Winter 2013

dropcapI had heard of “Yankee independence” before I came to New England in 1979 to plant a church. Still, I was surprised by how many people claimed to be Christians yet did not participate in any local church. Instead, sitting in a fishing boat was their idea of “church.” For many I met with personally, their lack of spiritual involvement was understandable: There was no evidence of biblical faith.

But there were a number who professed an evangelical faith. When I inquired about their lack of participation in an area church, they proudly proclaimed that they were part of the “true church” or “universal church” that includes all true believers everywhere. They claimed that was all that was needed. Local churches were just an imperfect part of God’s real, worldwide, invisible Church.

I heard this same message from other sources, so I decided to investigate.

To my amazement, I could not find a single example in the New Testament of a local church being spoken of as part of the universal or invisible Church. What I did find were references to actual, local, visible churches and references to the universal Church—using the same words and imagery for both.

As a seminary student learning both Greek and theology, I had been taught that the word church, in the singular, was applied equally to a house church (Romans 16:5), a city-wide church (Acts 8:1) and believers in a whole region (Acts 9:31). But in our classes, we had never discussed the profound implications.

When Paul wrote his letter to the church in Corinth, he didn’t refer to it as part of the church of God but as the church of God in Corinth (1 Corinthians 1:2). As a pastor, I have never had the audacity to refer to the church I serve as “the church of God.” But God does (as He does for all other true churches in my area). God seems to have a much higher view of the visible, fallible, imperfect local church than we do.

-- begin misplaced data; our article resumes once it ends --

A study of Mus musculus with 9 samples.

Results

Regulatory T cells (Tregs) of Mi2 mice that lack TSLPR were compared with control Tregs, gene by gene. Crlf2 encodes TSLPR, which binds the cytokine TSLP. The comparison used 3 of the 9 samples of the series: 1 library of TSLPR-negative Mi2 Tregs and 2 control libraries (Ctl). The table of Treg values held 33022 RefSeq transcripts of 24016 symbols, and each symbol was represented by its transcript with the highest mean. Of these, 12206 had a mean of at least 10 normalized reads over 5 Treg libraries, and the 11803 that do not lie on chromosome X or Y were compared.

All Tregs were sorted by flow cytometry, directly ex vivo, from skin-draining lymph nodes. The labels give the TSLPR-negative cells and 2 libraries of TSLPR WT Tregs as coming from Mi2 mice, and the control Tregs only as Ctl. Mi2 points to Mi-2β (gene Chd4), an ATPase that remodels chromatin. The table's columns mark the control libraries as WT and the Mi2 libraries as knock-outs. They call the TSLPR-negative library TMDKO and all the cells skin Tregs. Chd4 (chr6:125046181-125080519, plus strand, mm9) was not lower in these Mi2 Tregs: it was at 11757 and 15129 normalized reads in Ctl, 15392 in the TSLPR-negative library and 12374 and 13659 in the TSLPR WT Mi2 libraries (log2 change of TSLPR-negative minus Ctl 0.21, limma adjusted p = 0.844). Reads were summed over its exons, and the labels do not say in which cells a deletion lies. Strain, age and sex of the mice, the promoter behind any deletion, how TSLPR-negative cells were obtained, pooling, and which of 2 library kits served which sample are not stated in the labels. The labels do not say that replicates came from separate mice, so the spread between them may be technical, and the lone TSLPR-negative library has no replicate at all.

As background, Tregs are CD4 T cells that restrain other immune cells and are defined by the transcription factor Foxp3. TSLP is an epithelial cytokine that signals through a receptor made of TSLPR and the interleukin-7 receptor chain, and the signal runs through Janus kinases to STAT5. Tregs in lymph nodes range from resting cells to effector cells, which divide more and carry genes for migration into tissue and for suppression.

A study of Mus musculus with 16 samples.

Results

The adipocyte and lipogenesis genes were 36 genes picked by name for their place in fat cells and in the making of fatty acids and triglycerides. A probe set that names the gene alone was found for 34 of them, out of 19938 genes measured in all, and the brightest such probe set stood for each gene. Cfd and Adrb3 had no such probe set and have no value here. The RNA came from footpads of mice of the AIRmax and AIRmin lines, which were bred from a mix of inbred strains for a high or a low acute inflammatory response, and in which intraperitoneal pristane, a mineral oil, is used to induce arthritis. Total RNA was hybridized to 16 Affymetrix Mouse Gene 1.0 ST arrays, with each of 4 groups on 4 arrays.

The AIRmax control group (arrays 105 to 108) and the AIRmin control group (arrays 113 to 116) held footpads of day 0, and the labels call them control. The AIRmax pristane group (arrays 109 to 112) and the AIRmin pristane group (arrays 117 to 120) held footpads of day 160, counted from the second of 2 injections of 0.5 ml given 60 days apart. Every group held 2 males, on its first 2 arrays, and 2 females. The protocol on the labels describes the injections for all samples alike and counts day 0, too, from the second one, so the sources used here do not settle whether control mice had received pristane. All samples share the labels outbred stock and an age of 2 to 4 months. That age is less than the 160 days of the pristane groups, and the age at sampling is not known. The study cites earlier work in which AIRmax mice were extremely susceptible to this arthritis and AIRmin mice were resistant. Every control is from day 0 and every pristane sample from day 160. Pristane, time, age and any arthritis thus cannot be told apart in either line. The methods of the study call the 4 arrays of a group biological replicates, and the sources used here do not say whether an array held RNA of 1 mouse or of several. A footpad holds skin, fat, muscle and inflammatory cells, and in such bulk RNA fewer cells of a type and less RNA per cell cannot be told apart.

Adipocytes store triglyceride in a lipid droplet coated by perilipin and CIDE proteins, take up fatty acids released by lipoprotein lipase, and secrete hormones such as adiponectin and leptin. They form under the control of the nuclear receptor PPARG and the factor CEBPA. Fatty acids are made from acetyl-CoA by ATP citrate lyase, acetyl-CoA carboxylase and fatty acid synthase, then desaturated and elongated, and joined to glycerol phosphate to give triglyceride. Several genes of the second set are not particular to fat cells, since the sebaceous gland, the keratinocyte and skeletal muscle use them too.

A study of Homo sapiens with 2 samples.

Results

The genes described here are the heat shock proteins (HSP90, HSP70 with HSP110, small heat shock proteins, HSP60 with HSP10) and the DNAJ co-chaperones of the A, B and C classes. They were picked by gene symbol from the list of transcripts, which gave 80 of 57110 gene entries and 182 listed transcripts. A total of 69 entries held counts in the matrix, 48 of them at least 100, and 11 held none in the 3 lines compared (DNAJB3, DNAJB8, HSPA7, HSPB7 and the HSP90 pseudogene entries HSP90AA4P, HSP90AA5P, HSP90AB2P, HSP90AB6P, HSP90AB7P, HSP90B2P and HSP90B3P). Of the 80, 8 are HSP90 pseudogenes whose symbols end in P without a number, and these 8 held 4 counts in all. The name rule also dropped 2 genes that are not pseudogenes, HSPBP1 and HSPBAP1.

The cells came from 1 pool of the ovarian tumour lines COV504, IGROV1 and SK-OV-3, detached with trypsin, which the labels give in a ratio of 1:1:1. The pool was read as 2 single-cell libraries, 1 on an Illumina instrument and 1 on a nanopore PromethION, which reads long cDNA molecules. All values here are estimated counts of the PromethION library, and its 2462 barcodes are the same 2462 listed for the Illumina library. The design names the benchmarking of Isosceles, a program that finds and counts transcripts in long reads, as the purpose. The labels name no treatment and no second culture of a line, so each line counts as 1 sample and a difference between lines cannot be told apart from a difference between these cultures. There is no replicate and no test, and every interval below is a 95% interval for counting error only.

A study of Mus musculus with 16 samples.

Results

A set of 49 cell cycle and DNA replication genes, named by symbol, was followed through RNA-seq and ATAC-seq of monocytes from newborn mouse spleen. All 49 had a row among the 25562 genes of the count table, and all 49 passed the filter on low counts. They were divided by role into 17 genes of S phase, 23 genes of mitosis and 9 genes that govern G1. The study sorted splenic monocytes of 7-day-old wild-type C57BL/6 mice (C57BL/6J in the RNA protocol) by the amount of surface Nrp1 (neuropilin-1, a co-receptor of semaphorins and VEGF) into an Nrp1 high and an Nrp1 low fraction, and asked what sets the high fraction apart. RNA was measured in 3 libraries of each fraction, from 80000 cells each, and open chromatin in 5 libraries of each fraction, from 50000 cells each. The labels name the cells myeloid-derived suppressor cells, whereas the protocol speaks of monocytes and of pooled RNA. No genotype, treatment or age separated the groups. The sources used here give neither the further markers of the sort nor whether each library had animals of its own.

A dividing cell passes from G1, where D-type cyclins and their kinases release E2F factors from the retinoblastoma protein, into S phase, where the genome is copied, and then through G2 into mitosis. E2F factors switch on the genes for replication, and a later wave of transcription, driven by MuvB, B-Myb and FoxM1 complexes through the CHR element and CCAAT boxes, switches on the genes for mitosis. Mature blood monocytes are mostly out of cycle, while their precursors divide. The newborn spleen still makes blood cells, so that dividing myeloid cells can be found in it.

When writing to the same church in Corinth, Paul also said, “You are the body of Christ” (1 Corinthians 12:27). The picture of the body, which Paul had earlier applied to the universal Church consisting of all true believers (1 Corinthians 12:12-13), is now applied in its entirety to this one local church. God sees each local church in a more complete way than we do today.

It is the individual believers who are consistently referred to as “part” of the church. Each Christian believer is incomplete until he or she becomes part of a local church. “Now you are the body of Christ and each one of you is a part of it” (1 Corinthians 12:27). Every Christian needs to be a regular, fully functioning part of a local bible-believing church or they are outside of God’s plan. (See “Defining Church.”)

I came away from my study with a more profound appreciation for each Bible-believing local church. God sees them as far more important than we can imagine.

Neal Laybourne has served as pastor of Barre (Vt.) EFC since 1981. In his study on this topic, he was amazed to find that “about two-thirds of the biblical references to ‘church’ (or one of its other biblical pictures, such as ‘the body of Christ’) referred to the local, visible church.”

Defining Church

Modern-day evangelicals are currently having discussions about the “simple church,” asking: What are the core minimums for a group to be considered a church? A similar discussion arose in the 1500s and 1600s among the Reformers, as multiple new configurations of Christians arose. So the question isn’t new.

As a church planter who started from scratch (without a small group), I’ve often wondered the same: Were the times together of just my wife and I a church? What about the initial evangelistic Bible studies, or the first study that brought together true believers?

When we actually started a Sunday afternoon worship service, did that make us a church? But there were only a dozen of us and, except for the teaching from the Bible, it didn’t look like a church.

I came to the conclusion that time would reveal the answer to our questions: A genuine church will show the marks of being the church. But for now, I’ve created a new list of questions to consider:

Is there any outreach/evangelism happening? If not, it isn’t a church, at least not anymore. Is the Word of God being proclaimed? If everyone is just sharing ideas, it isn’t a church.

Is there any protection from false teaching, any discipline for overt, major sin? Are the ordinances practiced? Is there corporate worship?

In time, true churches become evident, because God does His main works through His church—manifesting a power beyond what any of us could do on our own.